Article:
February 2, 2018

Event Summary: The Economic Future of Europe

Henry Jackson Society

By Mirko Giordani

On the 1st of February, The Henry Jackson Society hosted Jeffrey Franks, Director of the IMF Europe Office and Senior Resident Representative to the European Union since March 2015, at the event “The Economic Future of Europe”. Mr. Franks has worked for the IMF for 24 years, with a particular focus on Europe and Latina America. The event was chaired by Mr. Jeremy Lefroy MP.

Mr. Franks began by highlighting the positive growth projections for the advanced economies, which are upwards confronting them with October 2017. This means that advanced economies are growing at a faster rate than in October 2017. Spain, on the contrary, has a downward projection, together with the UK. This means that both Spain and US are growing at a slower rate than in October 2017. Mr Franks continued with the analysis on how Eurozone recovery from the financial crisis lags behind other advanced economies. Despite this, Mr Franks depicted a positive scenario, because in general Eurozone reached and surpassed its pre-crisis GDP. Within the Eurozone, Mr Franks identified different trends. On the one hand, countries like Germany or France reached and surpassed their pre-crisis GDP relatively quickly. On the other hand, Mediterranean countries such as Italy or Spain continue to suffer a slow economic recovery.

Next Mr Franks emphasised that these countries like Greece or Italy, which have a large amount of Gross General Government Debt to GDP,  now have the best opportunity to reduce and restructure the debt. In fact, Mr Franks suggested that low interest rates, thanks to ECB monetary policies, can be crucial in helping to reduce debt. Another difficulty that Eurozone countries are facing is the great amount of Non-Performing Loans (NPL), which skyrocketed since the start of the financial crisis in 2007. Mr Franks stressed the fact that in the last three years, the amount of NPL is gradual but slowly reducing in the Eurozone. Mr Franks highlighted that Eurozone investment flows continue to be below the pre-crisis levels, when countries like Japan, UK and US are performing very well.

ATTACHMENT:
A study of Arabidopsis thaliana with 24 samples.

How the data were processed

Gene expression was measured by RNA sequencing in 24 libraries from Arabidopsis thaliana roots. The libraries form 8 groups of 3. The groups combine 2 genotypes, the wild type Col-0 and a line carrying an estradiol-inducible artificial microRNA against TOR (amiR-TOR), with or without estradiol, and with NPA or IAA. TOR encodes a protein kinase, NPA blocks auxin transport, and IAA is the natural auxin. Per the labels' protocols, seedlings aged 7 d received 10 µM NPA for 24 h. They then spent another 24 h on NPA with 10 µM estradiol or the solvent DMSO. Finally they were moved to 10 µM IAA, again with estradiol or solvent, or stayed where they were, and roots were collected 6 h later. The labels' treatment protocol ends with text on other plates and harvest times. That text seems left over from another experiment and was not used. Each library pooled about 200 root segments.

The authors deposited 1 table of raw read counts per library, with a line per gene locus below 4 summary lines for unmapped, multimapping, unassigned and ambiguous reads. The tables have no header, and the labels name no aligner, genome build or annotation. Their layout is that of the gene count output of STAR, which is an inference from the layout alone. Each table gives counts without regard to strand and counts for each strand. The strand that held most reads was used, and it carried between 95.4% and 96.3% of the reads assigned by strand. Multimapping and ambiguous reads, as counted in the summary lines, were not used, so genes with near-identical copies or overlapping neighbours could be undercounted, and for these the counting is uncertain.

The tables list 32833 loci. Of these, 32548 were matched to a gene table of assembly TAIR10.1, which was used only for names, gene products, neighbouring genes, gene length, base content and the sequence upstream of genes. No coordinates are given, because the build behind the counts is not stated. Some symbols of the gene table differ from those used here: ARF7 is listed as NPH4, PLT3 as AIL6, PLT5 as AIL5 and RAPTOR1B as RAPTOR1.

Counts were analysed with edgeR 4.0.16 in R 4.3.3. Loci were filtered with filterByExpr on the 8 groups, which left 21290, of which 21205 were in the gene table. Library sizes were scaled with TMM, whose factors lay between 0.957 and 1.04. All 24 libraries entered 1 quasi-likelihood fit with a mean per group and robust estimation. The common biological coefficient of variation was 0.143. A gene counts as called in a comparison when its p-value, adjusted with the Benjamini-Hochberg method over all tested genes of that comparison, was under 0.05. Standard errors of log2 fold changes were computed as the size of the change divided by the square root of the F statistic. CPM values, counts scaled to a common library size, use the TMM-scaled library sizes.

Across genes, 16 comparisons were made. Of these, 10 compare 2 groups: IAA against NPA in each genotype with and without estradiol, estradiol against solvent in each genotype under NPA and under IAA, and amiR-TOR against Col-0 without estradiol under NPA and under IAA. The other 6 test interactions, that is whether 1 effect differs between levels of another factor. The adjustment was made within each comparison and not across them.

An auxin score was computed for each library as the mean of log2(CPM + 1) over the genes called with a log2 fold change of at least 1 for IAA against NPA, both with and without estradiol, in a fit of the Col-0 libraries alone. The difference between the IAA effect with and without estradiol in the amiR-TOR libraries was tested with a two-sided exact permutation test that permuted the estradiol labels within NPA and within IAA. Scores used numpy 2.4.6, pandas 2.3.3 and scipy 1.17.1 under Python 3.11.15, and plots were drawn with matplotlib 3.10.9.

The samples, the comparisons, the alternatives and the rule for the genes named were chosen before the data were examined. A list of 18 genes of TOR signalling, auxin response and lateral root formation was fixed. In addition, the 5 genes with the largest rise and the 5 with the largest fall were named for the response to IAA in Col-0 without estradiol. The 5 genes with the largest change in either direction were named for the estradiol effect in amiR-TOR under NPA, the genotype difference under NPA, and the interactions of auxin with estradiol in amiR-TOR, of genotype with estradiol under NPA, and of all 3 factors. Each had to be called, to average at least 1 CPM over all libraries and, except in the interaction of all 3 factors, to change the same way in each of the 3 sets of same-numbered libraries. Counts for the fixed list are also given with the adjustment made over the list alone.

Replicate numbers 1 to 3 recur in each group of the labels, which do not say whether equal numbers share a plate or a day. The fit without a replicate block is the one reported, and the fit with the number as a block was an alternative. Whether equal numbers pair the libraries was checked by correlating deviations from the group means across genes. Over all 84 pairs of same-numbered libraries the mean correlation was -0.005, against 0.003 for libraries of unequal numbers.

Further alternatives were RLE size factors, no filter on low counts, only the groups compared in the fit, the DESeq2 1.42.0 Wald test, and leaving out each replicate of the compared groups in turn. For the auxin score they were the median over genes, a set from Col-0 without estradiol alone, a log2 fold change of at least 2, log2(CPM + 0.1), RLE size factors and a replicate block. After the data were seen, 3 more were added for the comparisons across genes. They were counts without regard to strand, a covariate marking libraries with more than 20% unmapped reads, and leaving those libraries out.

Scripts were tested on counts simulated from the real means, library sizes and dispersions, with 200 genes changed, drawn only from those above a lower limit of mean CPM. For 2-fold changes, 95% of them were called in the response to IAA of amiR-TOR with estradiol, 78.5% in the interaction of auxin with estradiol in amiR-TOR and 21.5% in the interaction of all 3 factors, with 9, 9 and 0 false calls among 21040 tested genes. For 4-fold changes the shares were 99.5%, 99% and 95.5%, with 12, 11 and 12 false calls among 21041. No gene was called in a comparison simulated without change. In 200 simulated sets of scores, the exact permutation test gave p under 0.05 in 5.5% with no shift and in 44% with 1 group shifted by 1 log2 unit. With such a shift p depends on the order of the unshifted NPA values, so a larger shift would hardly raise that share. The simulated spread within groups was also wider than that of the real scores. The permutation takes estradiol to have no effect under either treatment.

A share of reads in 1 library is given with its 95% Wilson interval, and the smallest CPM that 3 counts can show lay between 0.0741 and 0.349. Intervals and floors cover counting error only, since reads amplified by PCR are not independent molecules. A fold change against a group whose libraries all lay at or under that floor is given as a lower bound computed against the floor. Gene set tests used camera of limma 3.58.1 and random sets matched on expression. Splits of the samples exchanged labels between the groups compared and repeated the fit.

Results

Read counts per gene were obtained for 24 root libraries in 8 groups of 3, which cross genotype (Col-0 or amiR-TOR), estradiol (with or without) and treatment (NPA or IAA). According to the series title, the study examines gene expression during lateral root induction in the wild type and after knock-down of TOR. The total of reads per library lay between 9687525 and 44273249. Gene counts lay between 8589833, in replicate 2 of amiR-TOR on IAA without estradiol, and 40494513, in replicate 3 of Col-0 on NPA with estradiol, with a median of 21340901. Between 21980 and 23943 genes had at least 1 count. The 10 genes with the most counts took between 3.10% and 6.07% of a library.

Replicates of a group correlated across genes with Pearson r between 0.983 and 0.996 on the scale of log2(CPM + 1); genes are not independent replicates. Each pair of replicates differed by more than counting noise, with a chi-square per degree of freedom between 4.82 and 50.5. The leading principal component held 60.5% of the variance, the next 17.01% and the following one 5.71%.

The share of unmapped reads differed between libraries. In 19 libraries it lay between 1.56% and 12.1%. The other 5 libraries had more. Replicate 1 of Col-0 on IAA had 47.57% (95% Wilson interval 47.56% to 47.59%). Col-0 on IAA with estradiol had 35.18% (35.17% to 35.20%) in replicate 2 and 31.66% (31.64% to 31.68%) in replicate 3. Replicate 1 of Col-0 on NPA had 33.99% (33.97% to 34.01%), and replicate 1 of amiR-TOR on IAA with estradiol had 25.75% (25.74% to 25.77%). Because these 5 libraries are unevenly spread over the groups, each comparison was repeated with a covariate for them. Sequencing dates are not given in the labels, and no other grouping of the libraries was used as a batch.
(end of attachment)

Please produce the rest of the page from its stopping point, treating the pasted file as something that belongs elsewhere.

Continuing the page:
In the end, Mr Franks focused his attention on the long-term challenges that advanced economies will face.

  • First, we need to address the fact that advanced economies are facing a constant slowdown in productivity growth, acknowledging that the slowdown is much sharper in the Eurozone.
  • Second, Mr Franks stated that the rate of adoption of new technologies is faster than in the past. However, Mr Franks particularly stressed that in the future robots will not replace humans.
  • Third, the ageing population in advanced economies will have serious impacts on social security and welfare budgets. Mr Franks, on the one hand, suggested immigration was an antidote against the inexorable aging process in western countries. On the other hand, he clearly recognised that people can raise concerns on the immigration policy.
  • Finally, Mr Franks moved towards a grand scenario of the new geopolitical challenges. Among them, Mr Franks identified the rise of China and the spreading of political populism as the most crucial challenges to the current world order.